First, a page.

From a picturesque Italian village to now leading global collaboration to cure childhood brain cancer, this paediatric oncologist has come a long way.
Dr Nick Gottardo believes he was destined to be a doctor. He knew from the age of six that medicine was his future. Growing up in the Northern Italian village of Sondalo in the 1970s, he would spend time with family friends who worked at the local hospital and was in awe of the stethoscopes they wore around their necks.
“I could see that they were helping people and I wanted to do this, too,” he said. “I’ve never wanted to do anything else.”
True to his early ambition, Dr Gottardo has dedicated his professional life to medicine and is now the Head of Oncology and Haematology at Perth Children’s hospital and co-head of Telethon Kids Institute’s Brain Tumour Research Team.
With vital funding support from The Kids’ Cancer Project, he is currently working on a research project that may dramatically improve the lives of children undergoing cancer treatment.
Passion from childhood
Dr Gottardo’s interest in oncology also stems from his childhood days.
A young girl in his village required an urgent blood transfusion as part of her treatment for leukemia and the local hospital rallied the villagers to donate blood.
“I can clearly remember waking up in the middle of the night when my father got a call to come and donate blood because the girl was in desperate need,” said Dr Gottardo.
“She passed away a few days later and my father, who is now 72, still carries a photo of her in his wallet. This memory has always stayed with me and I’ve always thought that if she’d been born today, we would have been able to cure her,” he said.
The future doctor moved with his family to the UK when he was eight and he went on to study medicine at University of Leeds.
A desire to see the world brought him to Australia with a working holiday visa in the mid 1990s. He worked as a locum at hospitals in New South Wales and Western Australia, but his heart was always in paediatrics.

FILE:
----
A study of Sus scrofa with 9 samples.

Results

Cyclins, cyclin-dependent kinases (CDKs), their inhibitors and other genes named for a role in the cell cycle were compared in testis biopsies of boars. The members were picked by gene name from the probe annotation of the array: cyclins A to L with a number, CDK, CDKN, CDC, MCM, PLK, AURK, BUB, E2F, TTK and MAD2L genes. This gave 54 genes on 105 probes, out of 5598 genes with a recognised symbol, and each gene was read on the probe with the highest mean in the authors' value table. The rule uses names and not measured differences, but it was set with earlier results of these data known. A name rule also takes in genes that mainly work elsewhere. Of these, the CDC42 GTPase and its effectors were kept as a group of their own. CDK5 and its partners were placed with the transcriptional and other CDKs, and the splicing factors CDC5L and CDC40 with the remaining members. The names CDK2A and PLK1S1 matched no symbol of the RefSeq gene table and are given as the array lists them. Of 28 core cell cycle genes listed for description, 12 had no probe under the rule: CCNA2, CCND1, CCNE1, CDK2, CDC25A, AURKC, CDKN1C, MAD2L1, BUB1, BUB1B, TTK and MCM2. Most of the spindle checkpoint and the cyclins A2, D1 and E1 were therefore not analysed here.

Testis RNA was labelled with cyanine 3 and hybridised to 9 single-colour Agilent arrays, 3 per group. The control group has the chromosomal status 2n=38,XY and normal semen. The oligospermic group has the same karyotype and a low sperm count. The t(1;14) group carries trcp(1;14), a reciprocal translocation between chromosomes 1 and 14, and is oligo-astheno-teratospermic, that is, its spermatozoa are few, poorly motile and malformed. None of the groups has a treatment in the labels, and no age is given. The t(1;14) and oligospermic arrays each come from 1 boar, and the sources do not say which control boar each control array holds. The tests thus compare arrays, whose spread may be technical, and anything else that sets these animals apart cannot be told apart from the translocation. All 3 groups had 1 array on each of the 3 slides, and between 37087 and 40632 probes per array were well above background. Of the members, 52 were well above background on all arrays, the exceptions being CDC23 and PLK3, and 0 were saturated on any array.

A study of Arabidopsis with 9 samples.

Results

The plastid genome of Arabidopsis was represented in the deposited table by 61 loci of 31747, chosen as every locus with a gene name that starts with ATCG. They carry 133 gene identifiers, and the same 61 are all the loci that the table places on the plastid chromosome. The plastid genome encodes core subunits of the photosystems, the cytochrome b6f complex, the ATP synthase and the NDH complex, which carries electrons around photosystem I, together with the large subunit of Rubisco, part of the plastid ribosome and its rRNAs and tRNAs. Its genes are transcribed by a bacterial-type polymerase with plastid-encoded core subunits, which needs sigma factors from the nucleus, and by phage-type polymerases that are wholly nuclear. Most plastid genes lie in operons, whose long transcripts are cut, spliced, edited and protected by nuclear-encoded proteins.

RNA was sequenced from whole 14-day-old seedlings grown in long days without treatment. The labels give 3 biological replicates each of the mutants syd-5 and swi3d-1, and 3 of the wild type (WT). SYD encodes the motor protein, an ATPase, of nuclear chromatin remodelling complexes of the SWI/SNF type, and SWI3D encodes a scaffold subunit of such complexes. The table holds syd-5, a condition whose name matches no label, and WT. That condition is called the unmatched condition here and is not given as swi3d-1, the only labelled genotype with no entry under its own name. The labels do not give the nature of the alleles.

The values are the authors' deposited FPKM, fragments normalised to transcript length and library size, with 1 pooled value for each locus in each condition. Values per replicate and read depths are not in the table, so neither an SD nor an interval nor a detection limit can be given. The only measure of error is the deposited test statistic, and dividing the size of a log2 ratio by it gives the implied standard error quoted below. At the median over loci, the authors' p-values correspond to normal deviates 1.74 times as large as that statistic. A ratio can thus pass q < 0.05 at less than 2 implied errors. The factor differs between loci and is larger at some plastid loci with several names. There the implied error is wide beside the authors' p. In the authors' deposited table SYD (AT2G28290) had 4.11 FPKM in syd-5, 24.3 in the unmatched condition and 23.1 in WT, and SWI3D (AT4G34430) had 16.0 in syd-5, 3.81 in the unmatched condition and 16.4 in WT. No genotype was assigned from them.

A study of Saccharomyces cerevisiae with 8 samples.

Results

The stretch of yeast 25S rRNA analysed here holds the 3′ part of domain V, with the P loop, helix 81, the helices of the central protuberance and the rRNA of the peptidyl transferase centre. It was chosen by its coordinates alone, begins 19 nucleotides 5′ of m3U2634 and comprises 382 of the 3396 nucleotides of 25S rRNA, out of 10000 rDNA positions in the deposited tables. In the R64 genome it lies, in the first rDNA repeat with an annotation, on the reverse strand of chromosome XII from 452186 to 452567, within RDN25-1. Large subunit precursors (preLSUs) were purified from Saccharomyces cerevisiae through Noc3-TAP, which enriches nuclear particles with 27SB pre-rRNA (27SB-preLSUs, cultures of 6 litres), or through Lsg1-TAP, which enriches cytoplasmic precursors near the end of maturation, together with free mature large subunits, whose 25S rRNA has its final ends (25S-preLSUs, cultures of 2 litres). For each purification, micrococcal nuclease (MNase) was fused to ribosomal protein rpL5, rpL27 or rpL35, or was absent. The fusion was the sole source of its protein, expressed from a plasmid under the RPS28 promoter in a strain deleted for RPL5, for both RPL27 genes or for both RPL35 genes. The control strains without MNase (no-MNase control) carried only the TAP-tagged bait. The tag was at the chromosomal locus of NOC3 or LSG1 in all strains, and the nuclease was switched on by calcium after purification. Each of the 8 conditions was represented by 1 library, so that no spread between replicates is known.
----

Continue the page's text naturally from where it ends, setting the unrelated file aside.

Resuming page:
“One of my rotations was in oncology and I realised that I wanted to dedicate my life to trying to cure kids of cancer,” he said.
Dr Gottardo’s study aims to uncover new treatment for children with medulloblastoma (which is the most common brain cancer in children) and reduce the long-term toxicity associated with current treatments.
“The cure rates of medulloblastoma are about 70 per cent overall, but we know that the children who survive are left with significant long-term side effects from the radiation therapy as it has to be given to the whole of the brain and spinal column,” he explained.
“The side effects can really impact a child’s ability to grow and live productive lives with dignity.”
His research involves combining a drug called prexasertib (iCHK) with radiotherapy in order to reduce the necessary radiation dosage. The drug works by inhibiting the ability of cancer cells to repair themselves after the DNA damage caused by chemotherapy or radiation.
“The drug only works well in combination with other treatments,” said Dr Gottardo, who was nominated and a finalist for WA’s Australian of the Year Award in 2018.
“If it can make radiation more effective by preventing cancer cells from repairing themselves, can we use less radiation and therefore improve the quality of life of the survivors? That’s what we’re testing now,” he said.
The Kids’ Cancer Project has been funding this scientific study since July 2018. It involves treating avatar models of medulloblastoma, developed using medulloblastoma cancer cells taken from patients at the time of surgery to remove their tumour, with a combination of iCHK and radiation.
Dr Gottardo is now working closely with scientists across the globe, including those at St Jude’s Children’s Research Hospital in Memphis, where he spent three years as a post-doctoral brain tumour fellow.
The plan is to take the drug into a clinical trial with chemotherapy as part of a collaboration with St Jude’s.
“That will give us data and safety to use it for children with brain tumours in combination with chemotherapy and, if our experiments prove effective, it may also be used in a clinical trial in the next five years in combination with radiation,” said Dr Gottardo.
“We need to bear in mind that the drug itself may have side effects and that’s why it’s essential that we be so rigorous in our research.”
Dr Gottardo said the funding from The Kids’ Cancer Project is vital to the future of childhood cancer treatment.
“Our aim to take the findings from our lab into the clinic, and that’s why this funding is so important,” he said. “The experiments are highly sophisticated, and the ultimate goal is to improve the lives of children with cancer.”